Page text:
Script flipped: Penguins ride road, penalty kill success en route to series victory




 The Pittsburgh Penguins have flipped the much-maligned, “switch” this postseason.

Looking disinterested and lackadaisical while meandering an 82-game schedule, the Penguins appear reengaged as they work towards their third consecutive Stanley Cup.



The Pittsburgh Penguins were one of the best teams on home-ice in the National Hockey League this season. Their 30 wins in their own building rank second behind only Winnipeg, who won 32 games on their home sheet.

Conversely, the Penguins ranked near the bottom of the league when they were on the road. Pittsburgh’s 17 road wins placed them just ahead of Colorado (15) for the least amount of road wins for any playoff-qualifying team.

That record away from PPG Paints Arena underscored the importance of securing home ice for the first round of the Stanley Cup Playoffs.

But when the first round concluded, it was on Claude Giroux coming to shake Sidney Crosby’s hand at Wells Fargo Center, rather than their own building.

The Penguins went just 1-2 on home-ice in the first round, winning all three games road games in Philadelphia including a series clinching 8-5 victory Sunday afternoon.

If you ask head coach Mike Sullivan, he doesn’t devise a game plan based on whether the team is at home or on the road.

The Penguins generated 26.5 scoring chances per game at five-on-five on home ice in the regular season compared to just 22 in the regular season—according to NaturalStatTrick.com

Throughout the first round, the Penguins averaged 23.3 scoring chances per game at five-on-five at home and 19 on the road.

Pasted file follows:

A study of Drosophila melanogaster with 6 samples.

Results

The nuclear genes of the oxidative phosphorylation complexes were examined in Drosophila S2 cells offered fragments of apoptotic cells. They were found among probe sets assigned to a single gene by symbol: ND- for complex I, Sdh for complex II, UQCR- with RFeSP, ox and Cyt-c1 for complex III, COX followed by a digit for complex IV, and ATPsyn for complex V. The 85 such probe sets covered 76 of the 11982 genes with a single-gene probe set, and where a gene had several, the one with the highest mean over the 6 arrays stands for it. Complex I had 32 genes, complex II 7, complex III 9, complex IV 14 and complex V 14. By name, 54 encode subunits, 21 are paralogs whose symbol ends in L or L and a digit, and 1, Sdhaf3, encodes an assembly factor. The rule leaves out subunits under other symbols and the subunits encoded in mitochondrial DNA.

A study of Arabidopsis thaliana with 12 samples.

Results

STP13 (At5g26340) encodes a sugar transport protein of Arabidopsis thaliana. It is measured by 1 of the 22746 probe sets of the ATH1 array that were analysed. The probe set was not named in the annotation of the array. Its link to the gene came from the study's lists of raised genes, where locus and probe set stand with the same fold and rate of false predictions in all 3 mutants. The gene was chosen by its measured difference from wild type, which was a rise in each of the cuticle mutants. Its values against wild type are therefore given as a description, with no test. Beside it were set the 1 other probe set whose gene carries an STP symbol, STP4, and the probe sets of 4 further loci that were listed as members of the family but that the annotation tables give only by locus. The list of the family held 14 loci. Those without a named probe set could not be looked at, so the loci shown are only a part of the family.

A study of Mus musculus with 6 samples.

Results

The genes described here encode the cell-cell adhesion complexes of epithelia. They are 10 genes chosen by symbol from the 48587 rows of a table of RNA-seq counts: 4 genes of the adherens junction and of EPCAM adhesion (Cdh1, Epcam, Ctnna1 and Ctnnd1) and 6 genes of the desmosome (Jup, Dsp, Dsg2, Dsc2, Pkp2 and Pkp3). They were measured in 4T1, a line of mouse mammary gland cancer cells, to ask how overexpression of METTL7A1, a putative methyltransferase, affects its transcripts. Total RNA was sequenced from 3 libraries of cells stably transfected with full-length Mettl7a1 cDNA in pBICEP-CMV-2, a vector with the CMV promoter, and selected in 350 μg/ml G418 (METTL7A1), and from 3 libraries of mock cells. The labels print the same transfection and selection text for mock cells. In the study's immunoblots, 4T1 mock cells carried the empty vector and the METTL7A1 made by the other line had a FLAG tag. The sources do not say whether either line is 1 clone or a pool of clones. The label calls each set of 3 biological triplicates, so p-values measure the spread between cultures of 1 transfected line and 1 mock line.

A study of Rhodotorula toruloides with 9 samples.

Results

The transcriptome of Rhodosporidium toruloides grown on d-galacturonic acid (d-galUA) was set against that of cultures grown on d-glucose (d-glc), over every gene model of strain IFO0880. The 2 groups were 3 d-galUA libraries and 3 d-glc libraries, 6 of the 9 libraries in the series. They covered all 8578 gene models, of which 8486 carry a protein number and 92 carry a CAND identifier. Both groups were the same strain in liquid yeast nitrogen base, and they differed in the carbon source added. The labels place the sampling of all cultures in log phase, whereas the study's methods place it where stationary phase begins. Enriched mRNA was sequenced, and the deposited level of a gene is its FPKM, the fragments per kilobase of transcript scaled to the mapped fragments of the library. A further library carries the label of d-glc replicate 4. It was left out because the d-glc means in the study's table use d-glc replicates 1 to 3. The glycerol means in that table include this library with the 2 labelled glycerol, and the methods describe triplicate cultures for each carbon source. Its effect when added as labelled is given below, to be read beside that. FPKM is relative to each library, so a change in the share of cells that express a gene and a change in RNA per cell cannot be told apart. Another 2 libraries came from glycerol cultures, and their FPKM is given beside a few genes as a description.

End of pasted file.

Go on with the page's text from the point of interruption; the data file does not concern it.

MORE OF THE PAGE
Those numbers mimic their regular season statistics.

So what changed for the Penguins?

For starters, their shooting percentage has soared dramatically. After all, facing Brian Elliot can do that for a team.

As a team, the Penguins shooting percentage hovered around seven percent (7.28 SH% at home, 7.17 SH% on the road) throughout the season.

Though it’s a small sample size, those numbers jumped to 11.54 SH% through three games at home and a whopping 20.00 SH% on the road.

It’s also easy to look at the outpouring of goals (7, 5, 5 and 8) coupled with the porous Flyers goaltending and notice the spike.

Elliot posted just a .856 save percentage and mind boggling 4.75 GAA. Michal Neuvirth didn’t fare much better, with a .847 save percentage and 4.40 GAA.

The Penguins’ stars are surging. Sidney Crosby rolled up 13 points in the six-game series against the Flyers. Phil Kessel and Evgeni Malkin each notching five points during the same span and Kris Letang putting up seven.

If it sounds like I’m forgetting about Jake Guentzel, it’s because I saved him for last.

Guentzel exploded against the Flyers, as evidence by his four-goal outburst in the series clinching 8-5 win in Game 6. All four of his goals were scored in consecutive fashion and in a span of just 13:52. Jake Guentzel became just the second player in playoff history to score four conseuctive goals in a playoff game according to the Elias Sports Bureau. 
With 13-points (6-7-13) in six playoff games, Guentzel now has 34 career points in 31 career playoff games. Those are numbers that put him on the verge of bonnafide playoff superstar.

Further augmenting the Penguins’ altered postseason reality is the penalty kill. After trudging through the regular season at a numbing 80-percent clip.

In the six games against the Flyers, the Penguins killed off 90.5 percent (19-for-21) of penalties, including 15 straight kills to end the series.

They’ll need to continue that success against a Capitals power play that went 9-for-27 for the series and scored at least one power-play goal in all six games against Columbus.

We’ve heard about the “switch” that the Penguins have known they can flip; they’ll have to continue to do so against a familiar face.